Analyzing Motion with Trend Surface Analysis
by J. Ronald Eastman
Generally speaking, GIS is not well suited to the analysis of phenomena that move. Analytical operations in GIS tend to focus on vertical relationships between layers. Further, it is sometimes very difficult to detect spatial movements. Figures 1 and 2, for example, illustrate areas of Gypsy Moth defoliation in 1982 and 1983 respectively. This insect was accidentally released in the late 1860’s by an amateur entomologist, and has since spread over much of northeastern North America. However, it is hard to detect any spread with this much variability on a year-to-year basis. It is possible to describe such phenomena though with the TREND module (possibly with the assistance of the MDCHOICE module).
The TREND module can be found in the Statistics menu subgroup of the GIS Analysis menu. TREND calculates the coefficients of a best-fit polynomial surface to fit a set of spatially distributed data points. For those familiar with linear regression, a linear trend surface fits a plane through the values of a dependent variable using the X and Y coordinates as independent variables. Generally, the intent with trend surface analysis is to develop a generalized understanding of the spatial distribution of a phenomenon. As a consequence, only the simplest of polynomial surfaces are typically used: linear, quadratic, and sometimes cubic. Linear trends describe only the major direction and rate of change. Quadratic and cubic surfaces provide progressively more complex descriptions of spatial patterns. For those who are interested, here are the equations of these polynomial surfaces:
Linear : z = b0 +b1X + b2Y
Quadratic : z = b0 + b1X+ b2Y + b3X2 + b4XY + b5Y2
Cubic : z = b0+ b1X + b2Y + b3X2 + b4XY+ b5Y2 + b6X3 + b7X2Y+ b8XY2 + b9Y3
where bx are parameters and X and Y are positional coordinates in a plane georeferencing system (such as UTM).
The key to working with moving phenomena is that the dependent variable (z) needs to be expressed in continuous units of time. For the Gypsy Moth defoliation data, one possibility would be to create a single image that expresses the number of years that have passed since initial infestation. This is illustrated in Figure 3, but for the larger area of the Eastern US and Canada (minus Michigan, which is the source of a second outbreak) .
These data can then be submitted to the TREND module. Figures 4, 5 and 6 illustrate the linear, quadratic and cubic polynomial trends over time. These trends clearly show the progressive spread of the Gypsy Moth from an initial release in Medford Massachusetts (a town in the Boston metropolitan area).
The linear is the most basic description and clearly shows older ages in the northeast and younger ages in the northwest. However, we do not see the true point of origin.
The quadratic trend (Figure 5), however, shows the point of origin to be Massachusetts, although it would appear to suggest that the release was near Cape Cod.
With the cubic trend, we now correctly see the point of origin being near Boston. We also are seeing evidence of a second point of release in Michigan. It would therefore seem that utilizing the cubic trend analysis is more advantageous. However, examination of Figure 3 would suggest that this is based on very little evidence. This underscores the point that as the order of the polynomial increases, extrapolations become exponentially riskier since the polynomials are unconstrained beyond the spatial range of data.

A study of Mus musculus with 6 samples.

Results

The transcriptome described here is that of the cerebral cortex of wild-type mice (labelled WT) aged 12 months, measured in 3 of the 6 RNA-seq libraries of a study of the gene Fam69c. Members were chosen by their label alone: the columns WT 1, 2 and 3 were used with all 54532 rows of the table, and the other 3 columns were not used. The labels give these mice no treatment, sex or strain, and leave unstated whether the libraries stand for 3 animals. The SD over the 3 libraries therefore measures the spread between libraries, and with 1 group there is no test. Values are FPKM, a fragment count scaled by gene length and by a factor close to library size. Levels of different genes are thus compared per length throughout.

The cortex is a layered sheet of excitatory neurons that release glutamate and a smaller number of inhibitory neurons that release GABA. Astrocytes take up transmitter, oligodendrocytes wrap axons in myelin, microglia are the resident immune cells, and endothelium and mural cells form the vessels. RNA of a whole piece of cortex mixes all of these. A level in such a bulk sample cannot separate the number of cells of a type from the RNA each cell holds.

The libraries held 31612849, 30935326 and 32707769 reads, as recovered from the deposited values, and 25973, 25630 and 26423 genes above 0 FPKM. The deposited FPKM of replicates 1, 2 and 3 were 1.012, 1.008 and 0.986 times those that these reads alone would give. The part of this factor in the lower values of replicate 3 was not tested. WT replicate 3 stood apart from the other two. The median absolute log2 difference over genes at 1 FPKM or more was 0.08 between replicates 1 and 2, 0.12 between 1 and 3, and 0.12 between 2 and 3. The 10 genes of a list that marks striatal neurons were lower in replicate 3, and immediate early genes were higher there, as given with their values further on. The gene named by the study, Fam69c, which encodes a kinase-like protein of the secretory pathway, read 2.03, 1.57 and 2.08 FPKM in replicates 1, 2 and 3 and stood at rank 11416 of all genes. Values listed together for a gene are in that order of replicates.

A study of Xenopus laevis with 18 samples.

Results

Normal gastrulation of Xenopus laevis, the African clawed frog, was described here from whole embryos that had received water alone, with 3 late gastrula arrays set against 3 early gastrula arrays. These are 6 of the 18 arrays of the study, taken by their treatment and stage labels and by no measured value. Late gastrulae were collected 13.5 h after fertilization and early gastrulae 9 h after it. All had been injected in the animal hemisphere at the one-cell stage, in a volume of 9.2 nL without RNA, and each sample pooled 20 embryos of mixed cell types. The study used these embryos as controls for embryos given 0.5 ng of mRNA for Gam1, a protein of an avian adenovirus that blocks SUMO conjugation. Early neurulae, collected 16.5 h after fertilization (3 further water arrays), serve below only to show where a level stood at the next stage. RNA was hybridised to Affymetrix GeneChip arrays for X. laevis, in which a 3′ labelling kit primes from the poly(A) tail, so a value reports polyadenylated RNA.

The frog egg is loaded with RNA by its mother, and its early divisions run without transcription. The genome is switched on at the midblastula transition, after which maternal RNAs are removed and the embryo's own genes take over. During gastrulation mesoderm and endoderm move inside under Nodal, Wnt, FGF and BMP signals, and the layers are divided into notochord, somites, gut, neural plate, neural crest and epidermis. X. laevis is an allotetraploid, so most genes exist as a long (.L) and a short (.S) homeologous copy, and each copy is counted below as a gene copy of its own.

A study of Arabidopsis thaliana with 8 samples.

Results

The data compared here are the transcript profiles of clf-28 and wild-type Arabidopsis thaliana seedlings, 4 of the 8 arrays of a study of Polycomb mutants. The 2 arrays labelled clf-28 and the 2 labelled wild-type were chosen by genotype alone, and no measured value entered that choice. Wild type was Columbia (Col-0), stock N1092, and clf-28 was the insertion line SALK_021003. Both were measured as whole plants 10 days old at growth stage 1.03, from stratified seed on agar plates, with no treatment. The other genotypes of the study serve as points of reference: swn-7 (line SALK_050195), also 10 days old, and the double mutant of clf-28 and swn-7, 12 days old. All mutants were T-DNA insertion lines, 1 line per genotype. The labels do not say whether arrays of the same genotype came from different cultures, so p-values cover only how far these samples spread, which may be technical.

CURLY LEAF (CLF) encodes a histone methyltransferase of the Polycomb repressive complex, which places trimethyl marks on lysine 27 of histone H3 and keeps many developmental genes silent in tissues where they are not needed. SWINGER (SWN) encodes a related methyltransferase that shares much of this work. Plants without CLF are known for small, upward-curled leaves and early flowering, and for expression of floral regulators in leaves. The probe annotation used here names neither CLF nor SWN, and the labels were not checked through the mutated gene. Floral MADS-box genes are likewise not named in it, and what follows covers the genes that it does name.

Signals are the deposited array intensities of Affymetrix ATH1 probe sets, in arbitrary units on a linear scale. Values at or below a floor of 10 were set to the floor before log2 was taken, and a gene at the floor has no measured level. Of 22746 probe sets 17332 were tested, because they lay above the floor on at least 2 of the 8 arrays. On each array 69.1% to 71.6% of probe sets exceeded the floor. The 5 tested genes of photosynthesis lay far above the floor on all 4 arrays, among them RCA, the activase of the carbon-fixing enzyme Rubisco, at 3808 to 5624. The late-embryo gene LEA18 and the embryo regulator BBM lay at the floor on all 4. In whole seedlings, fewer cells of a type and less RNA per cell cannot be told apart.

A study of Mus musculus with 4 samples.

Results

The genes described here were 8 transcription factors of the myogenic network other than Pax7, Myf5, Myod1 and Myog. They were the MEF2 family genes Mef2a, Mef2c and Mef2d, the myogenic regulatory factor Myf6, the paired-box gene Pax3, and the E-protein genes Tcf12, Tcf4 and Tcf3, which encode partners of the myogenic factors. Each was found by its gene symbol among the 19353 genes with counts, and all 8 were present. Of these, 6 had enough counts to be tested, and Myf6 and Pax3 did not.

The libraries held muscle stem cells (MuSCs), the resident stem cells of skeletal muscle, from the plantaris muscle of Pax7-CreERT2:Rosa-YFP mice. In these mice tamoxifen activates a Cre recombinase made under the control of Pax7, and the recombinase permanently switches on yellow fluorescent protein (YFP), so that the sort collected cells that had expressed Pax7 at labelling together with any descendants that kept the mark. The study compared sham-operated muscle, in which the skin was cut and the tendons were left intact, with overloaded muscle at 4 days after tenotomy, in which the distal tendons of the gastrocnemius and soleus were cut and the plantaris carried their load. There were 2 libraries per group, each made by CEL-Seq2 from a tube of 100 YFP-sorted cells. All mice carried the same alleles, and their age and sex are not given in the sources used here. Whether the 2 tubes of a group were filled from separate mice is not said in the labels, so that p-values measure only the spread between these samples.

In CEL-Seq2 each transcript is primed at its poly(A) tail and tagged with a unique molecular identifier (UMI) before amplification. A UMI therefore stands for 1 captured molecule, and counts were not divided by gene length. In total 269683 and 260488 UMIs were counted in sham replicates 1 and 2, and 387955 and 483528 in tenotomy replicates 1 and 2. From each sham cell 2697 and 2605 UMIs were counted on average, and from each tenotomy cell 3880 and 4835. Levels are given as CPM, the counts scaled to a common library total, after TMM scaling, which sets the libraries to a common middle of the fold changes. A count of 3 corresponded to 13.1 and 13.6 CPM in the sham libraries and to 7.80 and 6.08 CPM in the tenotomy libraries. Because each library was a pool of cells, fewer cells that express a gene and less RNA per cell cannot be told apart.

MDCHOICE is a procedure for multi-objective decision making, and is found in the Decision Support menu subgroup of the GIS Analysis menu. Normally it is used to evaluate a set of suitability maps (one for each objective) to produce a single output designating, at each pixel location, the objective that had the highest suitability at each location. It can also prove to be useful in the context of trend surface mapping. The five maps on the left of Figure 7 illustrate anomalies in NDVI (normalized difference vegetation index) for Southern Africa during the austral summer of 1995. Using these five maps as inputs to MDCHOICE, along with the option to determine the output map with the minimum value (the lowest NDVI) over the five months yields the map in the upper-right corner of Figure 7. This map has integer values from 1-5 (background areas were masked to become 0), representing the five months considered. Thus a pixel with a value of 4 would indicate that it experienced the lowest NDVI readings in April. This was then used as input to the TREND module, which yielded the linear, quadratic and cubic trends shown below it on the right. As can be seen, this procedure was able to isolate trends that were much more difficult to detect than in the case of the Gypsy Moth data.
 Gypsy Moth data are courtesy of Dr. Andrew Liebhold. Details can be found in Liebhold, A.M. and Elkinton, J.S., (1989) “Characterizing spatial patterns of gypsy moth regional defoliation” Forest Science, 35, 557-568; Liebhold, A., Halverson, J., and Elmes, G., (1992) “Gypsy Moth Invasion in North America, A Quantitative Analysis,” Journal of Biogeography, 19, 513-520; Liebhold, A., Elmes G., Halverson J., and Quimby, J. (1994) “Landscape characterization of forest susceptibility to gypsy moth defoliation”, Forest Science, 40, 1, 18-29. This case study is explored in depth in McKendry, J., Eastman, J.R., St. Martin, K., and Fulk, M., (1991) “Applications in Forestry, Explorations in Geographic Information Systems Technology, Vol. 2. (Geneva: UNITAR).